Welcome to Part 1, Video 1 – Low light and the GH1’s film modes
I’ve been conducting a shootout between the Panasonic GH1 and 5D Mark II, using everything I know about setting up the cameras and everything I have learned from others such as Philip Bloom. In the Zacuto shootout, Bloom said he couldn’t quite set up the GH1 as he wanted, and it’s clear the 5D Mark II has a less contrasty look with slightly more latitude (but not as much as 35mm film!)
I was determined to find the ‘perfect’ match-all situations film mode on the GH1 before starting the shootout.
Why is this important? Well for video, the picture is baked in when you shoot, like white balance in a JPEG. There is only so much you can do in post afterwards, and grading will only get you so far. This isn’t like dealing with photographic RAW files so the picture profile on your camera does matter for HDSLR video – a lot.
The difference in exposure is over 1 stop between the brightest film mode (Nostalgic) and the darkest (Dynamic). Noise and banding is handled dramatically differently as well.
I’d like to find a great balance between a contrasty, colourful image, and one with smooth tones and detail in shadows, as well as protecting the bright parts of the image (highlights) from overexposure. I wanted a cinematic, filmic look. And I tried to get the 5D and GH1 as close to each other as mutually possible in terms of how their image looked. And above all I just wanted it to look good!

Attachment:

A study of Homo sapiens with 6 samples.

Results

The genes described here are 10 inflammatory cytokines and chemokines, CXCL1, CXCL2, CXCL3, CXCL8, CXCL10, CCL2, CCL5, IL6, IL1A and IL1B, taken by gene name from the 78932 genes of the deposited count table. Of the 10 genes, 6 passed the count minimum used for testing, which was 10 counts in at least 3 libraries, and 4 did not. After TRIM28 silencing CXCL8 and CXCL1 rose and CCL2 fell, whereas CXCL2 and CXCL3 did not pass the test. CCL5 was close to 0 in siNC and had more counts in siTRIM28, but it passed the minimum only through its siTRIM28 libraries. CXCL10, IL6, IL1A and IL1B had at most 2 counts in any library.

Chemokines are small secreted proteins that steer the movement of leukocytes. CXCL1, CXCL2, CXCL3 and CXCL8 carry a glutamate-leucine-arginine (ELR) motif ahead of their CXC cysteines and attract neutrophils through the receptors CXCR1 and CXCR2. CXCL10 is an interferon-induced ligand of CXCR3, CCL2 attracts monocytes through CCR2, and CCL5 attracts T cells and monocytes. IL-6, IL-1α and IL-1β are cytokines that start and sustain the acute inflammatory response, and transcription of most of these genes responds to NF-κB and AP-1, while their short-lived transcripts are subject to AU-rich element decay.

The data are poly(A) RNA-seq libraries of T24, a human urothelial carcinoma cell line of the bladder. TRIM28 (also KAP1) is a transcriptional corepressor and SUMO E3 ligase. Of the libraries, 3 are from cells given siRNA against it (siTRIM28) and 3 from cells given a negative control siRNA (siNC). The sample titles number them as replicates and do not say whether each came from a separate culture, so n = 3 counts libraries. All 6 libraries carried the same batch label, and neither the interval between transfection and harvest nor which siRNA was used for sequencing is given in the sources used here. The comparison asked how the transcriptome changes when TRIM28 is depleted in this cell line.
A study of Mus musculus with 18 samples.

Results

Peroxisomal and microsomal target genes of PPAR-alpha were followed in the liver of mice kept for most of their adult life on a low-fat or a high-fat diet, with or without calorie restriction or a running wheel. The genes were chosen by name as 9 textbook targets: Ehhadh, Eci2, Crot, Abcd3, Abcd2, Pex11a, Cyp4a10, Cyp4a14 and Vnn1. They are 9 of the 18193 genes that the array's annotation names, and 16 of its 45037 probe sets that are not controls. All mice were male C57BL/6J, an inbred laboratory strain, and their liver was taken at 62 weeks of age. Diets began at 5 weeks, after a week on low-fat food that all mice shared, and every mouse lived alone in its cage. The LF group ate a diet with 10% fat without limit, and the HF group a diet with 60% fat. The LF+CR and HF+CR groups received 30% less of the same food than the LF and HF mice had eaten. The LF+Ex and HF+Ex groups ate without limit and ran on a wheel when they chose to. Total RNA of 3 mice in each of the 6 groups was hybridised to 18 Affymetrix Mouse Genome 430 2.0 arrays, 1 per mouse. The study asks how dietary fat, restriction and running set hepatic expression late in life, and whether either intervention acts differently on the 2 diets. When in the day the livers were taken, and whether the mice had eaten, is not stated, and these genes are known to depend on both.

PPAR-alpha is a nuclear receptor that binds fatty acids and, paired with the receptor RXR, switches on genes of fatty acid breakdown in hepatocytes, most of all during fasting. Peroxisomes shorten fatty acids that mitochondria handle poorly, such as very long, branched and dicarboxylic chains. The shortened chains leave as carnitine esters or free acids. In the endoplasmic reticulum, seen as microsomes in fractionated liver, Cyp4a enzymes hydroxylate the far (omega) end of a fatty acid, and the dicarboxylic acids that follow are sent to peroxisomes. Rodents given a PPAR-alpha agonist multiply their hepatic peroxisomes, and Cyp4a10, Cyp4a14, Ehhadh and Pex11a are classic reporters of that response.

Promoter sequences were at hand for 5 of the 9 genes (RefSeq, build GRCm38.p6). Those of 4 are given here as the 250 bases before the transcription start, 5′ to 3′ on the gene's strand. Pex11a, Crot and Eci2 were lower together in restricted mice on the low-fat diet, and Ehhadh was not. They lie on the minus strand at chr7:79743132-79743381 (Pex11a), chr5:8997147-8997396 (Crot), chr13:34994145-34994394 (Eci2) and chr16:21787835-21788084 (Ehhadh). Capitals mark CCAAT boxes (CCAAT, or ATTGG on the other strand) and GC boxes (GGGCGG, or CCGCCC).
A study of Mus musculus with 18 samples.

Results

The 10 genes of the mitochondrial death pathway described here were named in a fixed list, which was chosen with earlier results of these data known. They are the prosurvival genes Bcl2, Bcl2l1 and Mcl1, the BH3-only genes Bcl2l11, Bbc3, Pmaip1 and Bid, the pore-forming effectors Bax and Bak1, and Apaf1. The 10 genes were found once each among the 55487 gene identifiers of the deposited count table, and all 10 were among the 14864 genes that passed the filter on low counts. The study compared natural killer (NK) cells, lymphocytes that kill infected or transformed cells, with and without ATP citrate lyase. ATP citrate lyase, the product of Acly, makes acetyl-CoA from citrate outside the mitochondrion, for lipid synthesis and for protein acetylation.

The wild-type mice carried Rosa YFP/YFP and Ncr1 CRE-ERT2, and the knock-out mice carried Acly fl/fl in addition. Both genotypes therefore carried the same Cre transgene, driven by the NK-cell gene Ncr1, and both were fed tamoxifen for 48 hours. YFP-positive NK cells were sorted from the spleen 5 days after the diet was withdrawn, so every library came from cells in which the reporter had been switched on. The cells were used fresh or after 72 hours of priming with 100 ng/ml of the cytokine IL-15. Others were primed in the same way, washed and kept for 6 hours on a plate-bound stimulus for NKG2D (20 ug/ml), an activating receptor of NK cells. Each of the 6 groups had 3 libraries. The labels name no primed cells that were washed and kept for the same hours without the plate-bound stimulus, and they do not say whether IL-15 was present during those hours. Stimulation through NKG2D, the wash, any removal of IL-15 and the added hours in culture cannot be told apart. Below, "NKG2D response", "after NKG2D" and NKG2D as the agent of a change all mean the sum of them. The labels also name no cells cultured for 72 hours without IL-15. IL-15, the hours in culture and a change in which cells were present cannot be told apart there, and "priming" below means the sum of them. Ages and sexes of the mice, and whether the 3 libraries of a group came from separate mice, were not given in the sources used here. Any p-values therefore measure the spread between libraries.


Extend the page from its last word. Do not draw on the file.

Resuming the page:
The first video of Part 1 is all about the GH1 film modes. The 2nd video of Part 1 I’ll post tomorrow will show a head to head split screen 1:1 of the GH1 and 5D footage, featuring all kinds of low light scenes from around a neighbourhood in Taipei City. It looks like a suburban blade runner! For now though we’ll just settle for the blue Mini!!
This video above shows you the differences between the film mode profiles on the Panasonic GH1. In addition to the presets you can adjust each of them by sliding controls back and forth for contrast, sharpness, saturation and noise reduction – just like on the 5D Mark II. But where the 5D Mark II has 7 steps of adjustment, the GH1 only has 5 notches on the slider.
In the end it comes down to which looks nicest, and opinions can differ. But I found I liked Bloom’s preference the best. Although when you really want to boost exposure and shadow detail Nostalgic is the best. However it makes noise and banding more noticeable at ISO 1600 so it’s best only to use at lower ISOs where you’d like a slight ‘boost’ to the image brightness.
What’s Bloom’s preference? He used film mode Smooth, contrast -2, sharpness -2, saturation standard and NR standard on the Great Zacuto Shootout. I find this gives you good brightness, good strong colour and a nice clean image.
In the Zacuto Shootout, the bathtub scene saw a very contrasty GH1 image. I have found the same – even with contrast at a minimum the GH1 is more contrasty than the 5D Mark II with contrast set to +7! I think this is down to the 5D’s high dynamic range sensor giving more latitude, but when the image is compressed in video mode on both cameras, the 5D’s sensor advantage is lost. The difference in RAW stills mode is huge, but in video mode it doesn’t matter so much. Latitude is levelled.